Samir Nasri was the villain in this fixture last season, when his half-hearted attempt at blocking a Robin van Persie free-kick sent the ball spinning past Joe Hart to seal a Manchester United victory, but the Frenchman was one of the key performers in this superb City display.
Both sides were not far off playing a simple 4-4-2, but whereas United were rigid and unimaginative throughout Nasri was the only player who varied his positioning intelligently. His role helped City in two respects. First, whereas the other wide midfielders stayed close to the touchlines, Nasri drifted inside to help City dominate the centre of the pitch. The strength of Yaya Touré and Fernandinho contributed to the home side's supremacy but Nasri always provided an obvious forward option, and when he received the ball his link-up play was quick, neat and unfussy – he misplaced only four of 47 passes.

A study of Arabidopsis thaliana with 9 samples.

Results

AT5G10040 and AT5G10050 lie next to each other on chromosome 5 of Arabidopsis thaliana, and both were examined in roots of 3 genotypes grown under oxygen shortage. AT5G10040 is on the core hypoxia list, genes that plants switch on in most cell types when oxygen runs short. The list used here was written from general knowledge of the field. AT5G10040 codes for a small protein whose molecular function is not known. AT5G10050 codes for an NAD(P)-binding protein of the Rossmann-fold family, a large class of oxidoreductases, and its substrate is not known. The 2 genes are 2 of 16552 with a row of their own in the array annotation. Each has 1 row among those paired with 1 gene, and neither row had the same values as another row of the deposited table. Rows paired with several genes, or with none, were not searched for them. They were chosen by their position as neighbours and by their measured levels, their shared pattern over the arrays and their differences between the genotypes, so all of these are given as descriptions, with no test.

His narrowness also encouraged Aleksandar Kolarov forward on the overlap, and the left-back was Manuel Pellegrini's most dangerous attacking weapon in the first half. The Serbian created the first moment of danger: Nasri helped City build an attack down the right, before they switched play to the opposite flank, finding Kolarov's late run and his cross forced Nemanja Vidic to clear from inside the six-yard box.
Soon after, Kolarov provided the cross for Sergio Agüero's opener, after Nasri held on to the ball, waited for the overlap and then released with a neat backheel – the normally attentive Antonio Valencia switched off, allowing the Serbian space. This continued to be a problem – midway through the first half, Kolarov motored forward to receive another pass from Nasri, and half-heartedly appealed for a penalty when Chris Smalling blocked his run. The comprehensive victory proved City had been superior, but Nasri and Kolarov's combination was the primary reason for their taking control.